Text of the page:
The Corner

The Badger State, One Year Later

It was one year ago today that Milwaukee County executive Scott Walker was elected governor of Wisconsin. Oh, what a year it has been.

As soon as Walker was elected on November 2, 2010 (his 43rd birthday), public-worker unions in Wisconsin began to Walker-proof their paychecks. Before the governor and the newly minted GOP legislature even took office in January, public-sector unions tried to rush through new contracts. In order to do so, they actually went and pulled one of their friendly legislators out of jail (where he had been serving time for multiple OWI arrests) and dragged him down to Madison, where he cast the deciding vote in favor of the new contracts. (They eventually failed in the state senate the next day.)

Then it really got crazy.

Everyone now knows what happened then. The state erupted after Walker took office and proposed new rules requiring state employees to pay 5.8 percent towards their own pensions and 12.6 percent of their health-insurance premiums. Walker’s plan, which virtually eliminated public-sector collective bargaining, sent an army of 100,000 public employees and college students to the capitol to beat drums, honk horns, and march through the February snow.

Now that Walker’s plan is in effect, we’re starting to get a clearer picture of how the public has taken to it. My outfit, the Wisconsin Policy Research Institute, conducted a poll late last week that actually has some good news for Walker’s supporters. For Walker himself, however, the picture is a little murkier.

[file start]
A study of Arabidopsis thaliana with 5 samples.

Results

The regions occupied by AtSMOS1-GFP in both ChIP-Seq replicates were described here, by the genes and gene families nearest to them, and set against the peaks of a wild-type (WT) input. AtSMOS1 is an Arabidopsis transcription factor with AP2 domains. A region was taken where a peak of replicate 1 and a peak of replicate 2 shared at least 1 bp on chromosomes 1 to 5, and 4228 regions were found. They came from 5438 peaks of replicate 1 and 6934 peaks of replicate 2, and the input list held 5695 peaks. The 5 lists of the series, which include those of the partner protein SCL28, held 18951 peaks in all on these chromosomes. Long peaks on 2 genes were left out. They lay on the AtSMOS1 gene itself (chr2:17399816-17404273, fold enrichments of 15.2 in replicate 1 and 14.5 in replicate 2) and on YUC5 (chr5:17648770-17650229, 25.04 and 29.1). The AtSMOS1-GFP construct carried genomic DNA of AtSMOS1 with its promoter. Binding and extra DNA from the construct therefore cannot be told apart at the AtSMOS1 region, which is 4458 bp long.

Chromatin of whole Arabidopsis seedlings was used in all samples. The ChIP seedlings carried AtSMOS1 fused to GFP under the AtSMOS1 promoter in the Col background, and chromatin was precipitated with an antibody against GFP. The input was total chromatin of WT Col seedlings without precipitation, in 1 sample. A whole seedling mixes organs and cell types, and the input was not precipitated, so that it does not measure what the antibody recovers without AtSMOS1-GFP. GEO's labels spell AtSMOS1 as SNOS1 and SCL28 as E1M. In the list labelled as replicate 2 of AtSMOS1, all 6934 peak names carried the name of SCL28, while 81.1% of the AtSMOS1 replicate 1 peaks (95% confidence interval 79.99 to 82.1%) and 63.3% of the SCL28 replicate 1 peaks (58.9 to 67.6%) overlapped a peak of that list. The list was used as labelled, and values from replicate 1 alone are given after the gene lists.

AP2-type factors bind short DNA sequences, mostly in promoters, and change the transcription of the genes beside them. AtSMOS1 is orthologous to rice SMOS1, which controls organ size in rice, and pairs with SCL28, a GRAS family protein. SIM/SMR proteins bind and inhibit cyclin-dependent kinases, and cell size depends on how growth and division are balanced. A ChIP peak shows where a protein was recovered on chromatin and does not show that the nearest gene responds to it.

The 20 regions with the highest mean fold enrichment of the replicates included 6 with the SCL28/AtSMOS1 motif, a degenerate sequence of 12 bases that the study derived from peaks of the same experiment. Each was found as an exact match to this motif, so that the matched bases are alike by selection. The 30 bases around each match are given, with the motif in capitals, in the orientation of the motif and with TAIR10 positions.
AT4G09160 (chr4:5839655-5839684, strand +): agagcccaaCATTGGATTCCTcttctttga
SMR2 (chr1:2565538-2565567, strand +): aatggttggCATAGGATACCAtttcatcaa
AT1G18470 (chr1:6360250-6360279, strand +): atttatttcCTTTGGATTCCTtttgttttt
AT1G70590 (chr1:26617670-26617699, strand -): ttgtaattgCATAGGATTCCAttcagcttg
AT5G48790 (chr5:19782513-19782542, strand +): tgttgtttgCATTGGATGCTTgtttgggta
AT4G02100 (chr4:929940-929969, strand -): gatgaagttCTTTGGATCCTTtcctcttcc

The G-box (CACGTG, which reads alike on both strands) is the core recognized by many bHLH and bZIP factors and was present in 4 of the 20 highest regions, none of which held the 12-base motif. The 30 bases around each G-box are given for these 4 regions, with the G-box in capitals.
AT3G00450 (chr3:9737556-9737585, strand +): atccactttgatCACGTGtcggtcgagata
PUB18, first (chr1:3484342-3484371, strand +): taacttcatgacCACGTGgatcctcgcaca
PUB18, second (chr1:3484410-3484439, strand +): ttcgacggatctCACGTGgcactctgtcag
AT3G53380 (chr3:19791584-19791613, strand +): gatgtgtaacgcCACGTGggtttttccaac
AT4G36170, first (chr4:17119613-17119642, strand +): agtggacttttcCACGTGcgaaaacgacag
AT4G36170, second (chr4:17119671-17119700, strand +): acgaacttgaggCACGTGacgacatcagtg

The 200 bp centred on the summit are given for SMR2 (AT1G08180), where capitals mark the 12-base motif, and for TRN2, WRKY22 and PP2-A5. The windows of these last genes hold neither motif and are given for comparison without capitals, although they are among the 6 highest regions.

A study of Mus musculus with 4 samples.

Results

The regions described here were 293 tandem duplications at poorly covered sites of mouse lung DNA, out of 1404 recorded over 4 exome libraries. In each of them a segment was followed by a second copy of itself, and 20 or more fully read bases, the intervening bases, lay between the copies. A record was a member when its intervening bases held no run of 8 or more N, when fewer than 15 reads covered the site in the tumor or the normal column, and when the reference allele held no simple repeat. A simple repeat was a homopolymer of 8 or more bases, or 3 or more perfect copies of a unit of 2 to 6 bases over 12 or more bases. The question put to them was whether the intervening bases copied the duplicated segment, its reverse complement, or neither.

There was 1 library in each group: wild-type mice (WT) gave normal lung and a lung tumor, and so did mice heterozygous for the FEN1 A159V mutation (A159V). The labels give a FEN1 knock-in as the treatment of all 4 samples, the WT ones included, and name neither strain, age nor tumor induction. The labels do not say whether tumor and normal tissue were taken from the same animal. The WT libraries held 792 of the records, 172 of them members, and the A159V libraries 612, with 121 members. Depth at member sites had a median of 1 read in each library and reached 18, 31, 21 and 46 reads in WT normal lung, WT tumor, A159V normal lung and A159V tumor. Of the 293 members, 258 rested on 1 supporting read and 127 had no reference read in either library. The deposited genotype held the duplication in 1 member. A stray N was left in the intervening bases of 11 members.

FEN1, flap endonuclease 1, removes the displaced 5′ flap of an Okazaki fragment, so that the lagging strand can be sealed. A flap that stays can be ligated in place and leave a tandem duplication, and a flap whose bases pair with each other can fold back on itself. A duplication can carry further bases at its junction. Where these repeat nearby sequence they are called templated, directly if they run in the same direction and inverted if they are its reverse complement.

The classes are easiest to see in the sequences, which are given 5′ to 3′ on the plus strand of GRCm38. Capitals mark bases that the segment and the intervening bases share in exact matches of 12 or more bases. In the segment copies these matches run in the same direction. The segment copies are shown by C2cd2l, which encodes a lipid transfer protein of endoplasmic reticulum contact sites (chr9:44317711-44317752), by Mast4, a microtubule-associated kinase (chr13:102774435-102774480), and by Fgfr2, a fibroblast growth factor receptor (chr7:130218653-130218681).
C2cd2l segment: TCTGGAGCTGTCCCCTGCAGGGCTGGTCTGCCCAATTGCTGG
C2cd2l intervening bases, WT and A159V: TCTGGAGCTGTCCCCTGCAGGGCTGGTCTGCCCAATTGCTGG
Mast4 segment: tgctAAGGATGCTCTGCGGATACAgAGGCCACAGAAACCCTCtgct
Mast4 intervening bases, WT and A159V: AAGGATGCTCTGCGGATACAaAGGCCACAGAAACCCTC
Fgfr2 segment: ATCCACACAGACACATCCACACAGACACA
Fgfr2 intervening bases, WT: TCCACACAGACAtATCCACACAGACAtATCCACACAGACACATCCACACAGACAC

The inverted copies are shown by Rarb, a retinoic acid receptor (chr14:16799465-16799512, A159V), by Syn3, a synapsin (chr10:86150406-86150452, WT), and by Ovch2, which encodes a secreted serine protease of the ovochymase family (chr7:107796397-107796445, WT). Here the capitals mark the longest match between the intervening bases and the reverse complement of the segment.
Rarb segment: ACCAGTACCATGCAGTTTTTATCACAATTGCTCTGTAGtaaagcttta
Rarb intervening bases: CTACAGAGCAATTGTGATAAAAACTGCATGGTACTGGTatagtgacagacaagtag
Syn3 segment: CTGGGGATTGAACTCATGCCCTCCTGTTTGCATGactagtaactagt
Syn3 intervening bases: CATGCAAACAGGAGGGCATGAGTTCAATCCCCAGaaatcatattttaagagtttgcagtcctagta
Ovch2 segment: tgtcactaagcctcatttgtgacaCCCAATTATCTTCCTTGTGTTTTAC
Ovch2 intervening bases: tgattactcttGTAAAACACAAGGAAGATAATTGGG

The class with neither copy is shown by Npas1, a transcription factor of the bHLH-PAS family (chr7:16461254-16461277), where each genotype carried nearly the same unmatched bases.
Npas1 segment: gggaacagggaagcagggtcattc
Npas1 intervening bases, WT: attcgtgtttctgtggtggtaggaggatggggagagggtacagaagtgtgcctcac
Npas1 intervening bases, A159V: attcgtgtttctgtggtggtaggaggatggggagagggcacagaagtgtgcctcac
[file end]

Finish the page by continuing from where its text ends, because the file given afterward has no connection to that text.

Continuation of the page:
For instance, even after public-sector collective bargaining’s demise, 71 percent of Wisconsinites believe public schools are either better or exactly the same as they were before Walker’s law. Seventy-seven percent of Wisconsinites expect the state’s economy to either get better or stay the same in the next year, up from 60 percent during the heart of the union tumult in March. While 23 percent of Wisconsinites think the federal government is on the right track, 38 percent of those same respondents believe state government is on the right track — up from just 27 percent in November of 2010.

Yet those numbers don’t necessarily mean the public is giving Walker credit for his initiatives. Walker’s approval level is hovering at 42 percent — about the same place it was in March. Among the 56 percent who disapprove of Walker, an astounding 45 percent do so “strongly.” Yet despite the public not warming up to Walker personally, Wisconsin citizens still narrowly disapprove of recalling him from office, by a 49 percent to 47 percent margin. Among independents, the percentage of those who disapprove of recalling Walker increases to 51.

Curiously, despite flabbergasted Wisconsinites giving extremely low marks to the federal government, President Obama’s approval rating stands at around 54 percent (buttressed by the city of Milwaukee, in which 41 percent of residents “strongly approve” of his job performance.) So Wisconsinites give low marks to the politician whose initiatives they like, and high marks to the one who they think is running his government into the ground.

As long as we’re on presidential politics, we also polled head-to-head matchups between Obama and potential GOP challengers. Of the three we tested (Romney, Perry, Cain), Romney fared best against Obama, garnering 35 percent against the president’s 46 percent. (Perry received 30 percent, Cain 31 percent — although this was before the relative height of Cain’s wife became a national story on Sunday.) Romney is the only Republican currently beating Obama in the important Green Bay swing area, which usually votes GOP, but has a strong manufacturing union streak.

One year past Walker’s election, the Badger State is still trying to sort out what happened to it. The final chapter may not be written until we find out if Walker will be recalled from office early in 2012. Unions have said they will begin circulating recall petitions on November 15 — then the party starts all over again. Have your popcorn ready.

— Christian Schneider is a senior fellow at the Wisconsin Policy Research Institute.